10. December 2020
by M.-Leander Reimer | 1112 words | ~6 min read
The initial idea for this project dates back to November 2019, when I attended an event about the digital strategy of my home town Rosenheim. One of the talks at this event was about Rosenheim becoming a Smart city presented by speakers from Komro, the local internet provider, and the municipal utilities. They presented many ideas different use cases, like power cicuit monitoring or room climate control. See https://smartcity-rosenheim.de for more details.
Pretty much at the same time, we had just opened our QAware office in Rosenheim. It was apparant to me that the presented LoRaWAN technology together with a serverless backend would be an awesome combination to implement simple use cases such as CO2 monitoring in our meeting rooms or temparature readings in our server room. Unfortunately, COVID19 kicked in then and we had to transform our offices into safe environments to work. And guess what: even more use cases emerged like occupancy detection on shared desks and even toilets.
During our QAgarage day I finally found the time to write up this blog post and build the Klo Ampel, a digital occupancy indicator for toilets. Great fun!
The following is a shopping list of some of the hardware we used for this project. Of course there are many other LoRaWAN sensor devices you can buy.
The general idea was to host the complete backend on Google Cloud and mainly use serverless technologies such as Cloud Functions, Cloud Firestore or Cloud Run. The basic infrastructure setup for the project is performed using Terraform, in order to create
The LoRaWAN devices are registered and connected to the local available LoRaWAN network. For our Rosenheim office we are using the network provided by Komro, and for our Munich office we use The Things Network with the HTTP integration configured. The sensor data is delivered to an HTTP receiver Cloud function, that decodes and stores the original payload as document in a Firestore collection. This function looks something like this:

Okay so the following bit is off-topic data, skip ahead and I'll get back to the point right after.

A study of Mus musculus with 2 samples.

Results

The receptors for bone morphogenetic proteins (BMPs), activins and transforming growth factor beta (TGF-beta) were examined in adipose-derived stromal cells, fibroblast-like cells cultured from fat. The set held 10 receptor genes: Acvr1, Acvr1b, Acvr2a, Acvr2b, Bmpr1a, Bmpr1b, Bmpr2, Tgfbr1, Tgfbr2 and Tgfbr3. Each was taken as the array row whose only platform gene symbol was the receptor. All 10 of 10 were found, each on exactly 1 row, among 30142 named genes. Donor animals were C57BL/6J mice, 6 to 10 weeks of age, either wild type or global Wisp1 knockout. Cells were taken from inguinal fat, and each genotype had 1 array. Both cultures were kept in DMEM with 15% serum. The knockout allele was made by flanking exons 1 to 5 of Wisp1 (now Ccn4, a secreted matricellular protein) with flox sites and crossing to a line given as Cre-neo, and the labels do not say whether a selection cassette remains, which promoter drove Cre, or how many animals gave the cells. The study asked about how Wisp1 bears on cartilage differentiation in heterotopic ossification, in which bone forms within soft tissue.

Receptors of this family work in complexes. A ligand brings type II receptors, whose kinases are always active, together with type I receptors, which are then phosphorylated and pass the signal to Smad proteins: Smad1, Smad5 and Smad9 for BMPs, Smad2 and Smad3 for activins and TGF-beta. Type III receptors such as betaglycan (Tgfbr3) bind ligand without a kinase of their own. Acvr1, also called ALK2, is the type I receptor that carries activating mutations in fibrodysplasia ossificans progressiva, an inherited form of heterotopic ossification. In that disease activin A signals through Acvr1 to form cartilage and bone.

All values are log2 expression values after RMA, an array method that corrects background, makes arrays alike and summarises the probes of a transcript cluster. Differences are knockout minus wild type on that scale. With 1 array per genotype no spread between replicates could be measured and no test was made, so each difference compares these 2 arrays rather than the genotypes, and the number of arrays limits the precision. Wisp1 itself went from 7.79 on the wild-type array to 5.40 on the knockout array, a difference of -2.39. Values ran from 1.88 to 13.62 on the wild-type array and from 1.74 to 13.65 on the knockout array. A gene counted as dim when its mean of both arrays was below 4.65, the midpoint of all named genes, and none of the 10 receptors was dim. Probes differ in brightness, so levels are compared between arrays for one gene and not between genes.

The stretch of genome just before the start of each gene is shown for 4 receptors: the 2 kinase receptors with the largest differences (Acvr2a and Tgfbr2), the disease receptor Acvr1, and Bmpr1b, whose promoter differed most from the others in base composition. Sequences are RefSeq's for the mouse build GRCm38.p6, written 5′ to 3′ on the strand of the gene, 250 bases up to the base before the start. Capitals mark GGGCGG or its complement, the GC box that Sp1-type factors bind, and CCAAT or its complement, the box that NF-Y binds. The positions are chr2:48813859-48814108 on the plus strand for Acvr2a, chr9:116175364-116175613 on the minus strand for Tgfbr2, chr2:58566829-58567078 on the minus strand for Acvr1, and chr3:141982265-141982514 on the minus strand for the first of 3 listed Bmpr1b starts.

We also built a small admin dashboard web UI using Vue. Nothing fancy, just a simple timeline view of the received data for each device and a device view with all current device readings. The UI itself is served from a containerized Nginx that is deployed on Cloud Run. The following code shows the
cloudbuild.yaml used to build the Docker image using Kaniko and to deploy the image using the Google Cloud CLI.
The final piece of the architecture is to connect further external devices to receive and act upon certain thresholds and events. For this we use the Cloud IoT Core and Pub/Sub APIs from GCP. Each client device (or application) is registered together with its public key at the device manager. The device later authenicates itself using a JSON Web Token (JWT) that is signed with its own matching private key. To communicated with the backend the client connects via the MQTT protocol to receive the commands from the backend. Have a look at the official Quickstart documentation for further details.
The following pictures show the final result: a Raspberry Pi Zero W with a connected blink(1) mk3 LED. The Pi runs a small Go program that establishes the MQTT connection and then toggles the LED between red and green depending on the occupancy data sent by the backend. Finally, you do not have to manually turn the sign anymore!
Of course, there is the initial investment for the hardware. The prices for the sensors vary quite significantly, somewhere between 60 and 180 Euro. But this is a one-time investment. The cloud costs are much much cheaper than this. In an average month the costs are somewhere in the range of 10 Euro cent!